A gamble, but this one looks on the right track

Derek Pain - No Pain, No Gain

Two weeks ago I drew attention to Availeon, one of many little stock market companies lacking significant achievement but overflowing with ambition. Today I offer Fastrack, another tiddler with a wretched record.

Two weeks ago I drew attention to Availeon, one of many little stock market companies lacking significant achievement but overflowing with ambition. Today I offer Fastrack, another tiddler with a wretched record.

For any investor prepared to take a chance, it could turn out rewarding. But it is in an even more difficult position than Availeon, a butcher-turned-contract caterer that has still to make a profit after six years on the stock market. It is still not clear whether Availeon has hit on the right recipe for overcoming its past and emerging as a successfullong-term investment.

Fastrack, an overnight delivery service, actually produced a profit of £75,000 in 1998. That was a false dawn. It has chalked up severe cumulative losses over the past six years, more than £20m, including a £2.1m deficit last year. The delivery men were still in the red in the first four months of their current year.

Not surprisingly, it is short of cash. To provide the necessary working capital it is tapping shareholders, hoping to raise £3.5m through a rights issue (offering 20 new shares for every 39 held) and a further £1m by granting options to its controlling shareholder, the Tufton funds, managed by the Bulldog Partners fund management group.

Chairman Douglas Ash,ex-Ocean group, says bluntly that this is the "only available means of enabling the group to continue trading on the basis of its current plans". If the money is not forthcoming, and the Tufton cash is dependent on business targets being met, prospects are bleak.

Yet such a grim scenario masks what could be one of the best internet-related stories. Certainly, Fastrack's shares, 9.75p against an 8.5p rights price, look a better bet than many of the dot.com plays.

Its next-day delivery service for parcels and freight operates from 55 locations (46 of them franchised) with more than 400 vehicles. Much of its activity is business-to-business delivery although it has a home delivery service for e-commerce and internet retailing.

The business-to-business operation is adaptable for home delivery and should make Fastrack one of the best-placed companies to take advantage of the internet revolution. It must be in a stronger position than old economy operations such as Express Dairy which is banking on getting a share of the business through its army of milkmen. Fastrack's home delivery side already has deals embracing computers, food and drink and fashion clothing. They are testing a same-day delivery service for one internet customer, LastOrders.com, an online off-licence business.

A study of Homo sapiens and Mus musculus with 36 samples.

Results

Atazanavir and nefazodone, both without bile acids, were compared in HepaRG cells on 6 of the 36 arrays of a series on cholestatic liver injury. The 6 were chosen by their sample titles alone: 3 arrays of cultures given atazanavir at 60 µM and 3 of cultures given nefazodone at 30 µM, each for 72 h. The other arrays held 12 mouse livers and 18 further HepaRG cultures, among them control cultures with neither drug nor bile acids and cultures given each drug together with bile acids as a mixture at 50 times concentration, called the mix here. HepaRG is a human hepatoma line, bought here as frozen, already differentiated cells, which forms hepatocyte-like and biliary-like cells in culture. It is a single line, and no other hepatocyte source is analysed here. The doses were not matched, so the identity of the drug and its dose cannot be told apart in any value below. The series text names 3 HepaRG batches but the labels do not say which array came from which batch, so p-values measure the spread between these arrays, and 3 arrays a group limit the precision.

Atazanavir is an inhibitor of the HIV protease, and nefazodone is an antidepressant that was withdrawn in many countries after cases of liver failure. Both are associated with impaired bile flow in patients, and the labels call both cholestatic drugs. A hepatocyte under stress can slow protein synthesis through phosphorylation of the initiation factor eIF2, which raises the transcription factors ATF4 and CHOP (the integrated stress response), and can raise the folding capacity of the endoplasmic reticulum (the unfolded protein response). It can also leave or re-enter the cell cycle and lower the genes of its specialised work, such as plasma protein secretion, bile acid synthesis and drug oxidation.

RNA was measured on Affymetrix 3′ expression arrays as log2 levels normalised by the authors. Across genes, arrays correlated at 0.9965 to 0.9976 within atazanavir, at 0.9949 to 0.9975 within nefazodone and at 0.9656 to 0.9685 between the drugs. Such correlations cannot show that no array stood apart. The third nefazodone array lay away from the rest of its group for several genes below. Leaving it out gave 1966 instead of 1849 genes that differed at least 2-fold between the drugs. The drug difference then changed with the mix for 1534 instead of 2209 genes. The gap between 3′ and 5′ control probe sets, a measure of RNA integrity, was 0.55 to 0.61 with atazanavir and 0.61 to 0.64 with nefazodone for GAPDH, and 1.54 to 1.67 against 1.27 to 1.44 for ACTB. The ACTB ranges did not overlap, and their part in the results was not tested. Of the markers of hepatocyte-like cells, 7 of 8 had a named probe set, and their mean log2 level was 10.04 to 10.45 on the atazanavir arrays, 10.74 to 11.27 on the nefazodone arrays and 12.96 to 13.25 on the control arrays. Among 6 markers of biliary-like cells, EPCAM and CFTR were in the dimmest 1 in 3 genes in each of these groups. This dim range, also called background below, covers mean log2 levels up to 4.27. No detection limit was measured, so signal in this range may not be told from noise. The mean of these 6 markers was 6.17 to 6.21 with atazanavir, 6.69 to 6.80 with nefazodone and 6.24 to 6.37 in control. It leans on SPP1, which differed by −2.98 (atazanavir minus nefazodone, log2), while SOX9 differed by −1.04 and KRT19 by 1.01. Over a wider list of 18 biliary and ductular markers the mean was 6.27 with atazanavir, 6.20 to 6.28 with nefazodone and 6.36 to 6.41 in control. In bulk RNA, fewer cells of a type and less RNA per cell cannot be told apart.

It seems the desperate need to grow rapidly into a national player has stretched Fastrack's resources, with cash ploughed into its network of depots and its fleet. With many newish operations there is often a long, uncomfortable gap when overheads mount alarmingly before the entrepreneurial dream becomes reality and trade picks up, wipes out costs and produces profits.

But the group's record must raise doubts whether its franchise approach is the right one and whether it has the muscle, and perhaps ability, to hit the jackpot.

I cannot stress too strongly that Fastrack is not for the proverbial widows and orphans. Only investors who can afford to end up with bruised, battered and lighter wallets should contemplate getting involved. Yet if chief executive, Andrew Ducker, has got the game plan right, then the shares would represent a splendid old economy opportunity to cash in on the new economy.

Fastrack, known as Pacific Sales until two years ago, has sold shares five times to raise capital. This year, I believe on rumours of a US takeover strike, the price touched 16.25p; the high point over the past five years is 36.5p.

The Tufton investors have displayed remarkable dedication to Fastrack and they have more than half the capital. They are underwriting the cash call and seem bound to increase their stake, perhaps to approaching 70 per cent.

Jeremy Brassington, a managing partner of Bulldog Partners, is joining the board, which includes the veteran Nat Solomon, an experienced and widely respected boardroom man. Perhaps the support is an indication that Fastrack is, shall we say, on the right road?